2013 has certainly been an interesting year so far. We have seen precious metals prices deflate, interest rates rise, stocks continue to march higher, and currencies gyrate like a yo-yo. For short-term traders this kind of volatility is exactly what they love because it allows them to jump in and out of the market to make very swift profits. However, for intermediate or long-term investors it can be a frustrating time. Especially when Wall Street darlings such as Apple Inc (NASDAQ:AAPL), SPDR Gold Shares (NYSEARCA:GLD), and the PIMCO Total Return ETF (NYSEARCA:BOND) have fallen out of favor. New market leaders have taken their place with regional banks, consumer discretionary, and small-cap stocks making new highs behind solid upward momentum.
The start of earnings season is now upon us and Alcoa Inc (NYSE:AA) kicked off the quarter with better than expected results. Whether or not that will set the tone for the rest of the market has yet to be seen. The areas that will likely be in stark focus are financial stocks, mortgage REITs and utilities, which have heavy ties to interest rates. Investors will be seeking additional guidance from these companies on how they will extend their gains with higher rates impacting their revenue and business models.
In my opinion this may be one of the more important earnings seasons in recent memory because it will be a key determining factor on whether or not stocks will again resume their climb. One thing is for certain, there will likely be a great deal of continued volatility among stocks, bonds and gold in the near future as money repositions for the second half of the year. The most widely publicized asset flows have been in the fixed-income spectrum as TrimTabs reported an estimated $80 billion was yanked from bond ETFs and mutual funds in the month of June alone.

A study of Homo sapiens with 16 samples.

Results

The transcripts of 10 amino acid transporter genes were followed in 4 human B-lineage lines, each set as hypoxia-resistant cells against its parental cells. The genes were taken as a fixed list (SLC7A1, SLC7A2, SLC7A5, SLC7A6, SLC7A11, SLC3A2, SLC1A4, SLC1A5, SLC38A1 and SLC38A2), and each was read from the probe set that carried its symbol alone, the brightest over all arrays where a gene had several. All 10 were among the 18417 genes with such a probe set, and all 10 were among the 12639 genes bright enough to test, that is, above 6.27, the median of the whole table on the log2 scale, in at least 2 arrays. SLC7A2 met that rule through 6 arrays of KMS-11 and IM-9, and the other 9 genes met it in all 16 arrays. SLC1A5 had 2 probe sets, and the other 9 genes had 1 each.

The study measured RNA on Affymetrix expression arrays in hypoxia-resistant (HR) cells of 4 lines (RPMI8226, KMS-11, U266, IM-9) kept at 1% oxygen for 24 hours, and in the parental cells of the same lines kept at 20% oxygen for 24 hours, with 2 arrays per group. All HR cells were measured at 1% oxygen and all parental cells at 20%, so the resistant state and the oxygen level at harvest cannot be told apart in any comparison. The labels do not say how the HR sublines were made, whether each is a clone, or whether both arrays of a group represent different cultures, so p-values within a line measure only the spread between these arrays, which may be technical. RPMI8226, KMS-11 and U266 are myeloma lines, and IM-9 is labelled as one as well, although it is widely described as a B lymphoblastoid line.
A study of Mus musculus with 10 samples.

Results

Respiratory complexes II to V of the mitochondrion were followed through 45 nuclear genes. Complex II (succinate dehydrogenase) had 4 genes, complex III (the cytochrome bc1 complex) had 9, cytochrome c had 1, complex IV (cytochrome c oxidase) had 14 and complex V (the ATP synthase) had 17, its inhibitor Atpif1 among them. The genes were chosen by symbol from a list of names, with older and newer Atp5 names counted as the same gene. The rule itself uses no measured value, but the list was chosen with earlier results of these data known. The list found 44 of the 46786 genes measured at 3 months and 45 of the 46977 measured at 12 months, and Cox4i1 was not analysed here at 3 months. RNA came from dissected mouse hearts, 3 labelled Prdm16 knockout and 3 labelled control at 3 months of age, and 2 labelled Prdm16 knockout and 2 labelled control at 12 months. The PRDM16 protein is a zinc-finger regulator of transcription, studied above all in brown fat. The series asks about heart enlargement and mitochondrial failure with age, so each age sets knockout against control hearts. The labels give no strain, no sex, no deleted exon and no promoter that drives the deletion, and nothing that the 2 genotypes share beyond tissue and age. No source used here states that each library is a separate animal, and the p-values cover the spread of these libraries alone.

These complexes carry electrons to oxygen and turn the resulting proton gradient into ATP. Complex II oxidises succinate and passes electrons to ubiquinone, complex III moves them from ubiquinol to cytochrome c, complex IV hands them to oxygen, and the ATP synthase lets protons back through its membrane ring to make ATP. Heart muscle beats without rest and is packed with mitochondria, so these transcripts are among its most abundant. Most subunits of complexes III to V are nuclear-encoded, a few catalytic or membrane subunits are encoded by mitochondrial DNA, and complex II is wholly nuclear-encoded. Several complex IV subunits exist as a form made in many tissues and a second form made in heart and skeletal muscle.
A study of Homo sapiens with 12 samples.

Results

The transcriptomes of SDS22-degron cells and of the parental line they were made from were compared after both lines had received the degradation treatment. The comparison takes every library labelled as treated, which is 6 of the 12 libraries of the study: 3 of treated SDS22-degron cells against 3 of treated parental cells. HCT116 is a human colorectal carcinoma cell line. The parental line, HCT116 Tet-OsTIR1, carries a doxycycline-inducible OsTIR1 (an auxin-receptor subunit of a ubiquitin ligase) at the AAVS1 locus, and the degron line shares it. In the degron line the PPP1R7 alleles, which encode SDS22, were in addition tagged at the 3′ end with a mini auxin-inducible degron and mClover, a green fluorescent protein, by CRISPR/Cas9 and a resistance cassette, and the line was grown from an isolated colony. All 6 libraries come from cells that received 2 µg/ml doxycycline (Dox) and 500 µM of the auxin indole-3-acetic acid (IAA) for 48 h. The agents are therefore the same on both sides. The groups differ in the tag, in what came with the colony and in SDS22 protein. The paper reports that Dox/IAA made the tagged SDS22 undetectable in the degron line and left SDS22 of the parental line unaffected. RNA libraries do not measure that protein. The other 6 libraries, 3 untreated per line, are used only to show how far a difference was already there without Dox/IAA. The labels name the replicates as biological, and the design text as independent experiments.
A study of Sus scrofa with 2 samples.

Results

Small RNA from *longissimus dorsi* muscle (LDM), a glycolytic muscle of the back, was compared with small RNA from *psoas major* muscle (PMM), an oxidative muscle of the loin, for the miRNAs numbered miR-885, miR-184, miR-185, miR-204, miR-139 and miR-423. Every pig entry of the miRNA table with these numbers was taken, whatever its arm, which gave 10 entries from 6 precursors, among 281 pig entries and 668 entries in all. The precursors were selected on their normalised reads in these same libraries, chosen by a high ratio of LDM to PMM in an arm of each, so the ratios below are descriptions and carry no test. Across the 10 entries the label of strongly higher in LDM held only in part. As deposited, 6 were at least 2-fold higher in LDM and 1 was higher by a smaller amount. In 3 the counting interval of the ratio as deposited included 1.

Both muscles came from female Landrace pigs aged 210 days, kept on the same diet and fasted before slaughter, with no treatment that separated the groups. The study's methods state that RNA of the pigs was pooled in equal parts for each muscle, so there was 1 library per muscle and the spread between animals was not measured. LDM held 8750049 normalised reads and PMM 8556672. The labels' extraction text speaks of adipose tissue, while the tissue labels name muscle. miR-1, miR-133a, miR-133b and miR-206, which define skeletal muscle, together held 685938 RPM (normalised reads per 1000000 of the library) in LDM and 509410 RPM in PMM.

I am still not convinced that all of the money flowing out of bonds will immediately be put to work in stocks as many experts have speculated. In fact I believe that this money will be put to cash or short-duration bond funds for the time being until such time as the dust settles and a clearer picture emerges. I think that many investors, especially conservative income seekers, are hesitant to put money to work in stocks at these levels because the risk of a correction is quite high.
I am sure that many people are considering throwing in the towel on bonds and selling everything in the hope that they can put that money to work in dividend-paying equities. However, you may be in for a double whammy if we end up sustaining a swift correction this summer that compounds the losses you have already experienced.
Instead I would focus on making subtle adjustments to your fixed-income portfolio by using rallies to your advantage to sell underperforming positions. Once that cash is freed up you can use it to make opportunistic purchases when dividend-paying equities and high-yield securities are presenting better value. The key is to be nimble and make impactful changes while still retaining a balanced portfolio. If you don't have a strong conviction on where the market is going then cash is always a good place to hide out for a short period of time.
Whenever I am entering new positions I usually start with small allocations that I average into over time. I tend to favor sectors of the market that are above their long-term trend lines and are showing favorable momentum patterns. In addition, I overlay a core risk management approach to guard against the potential for a correction.
Right now my watch list includes several holdings that I want to purchase on a pullback such as the First Trust NASDAQ Technology Dividend ETF (NASDAQ:TDIV), the SPDR S&P Regional Banking ETF (NYSEARCA:KRE), and the iShares High Dividend ETF (NYSEARCA:HDV). As we navigate our way through the next several months I will continue to refine and adjust this list to take advantage of new opportunities as they present themselves.
Additional disclosure: David Fabian, Fabian Capital Management, and/or its clients may hold positions in the ETFs and mutual funds mentioned above. The commentary does not constitute individualized investment advice. The opinions offered herein are not personalized recommendations to buy, sell or hold securities.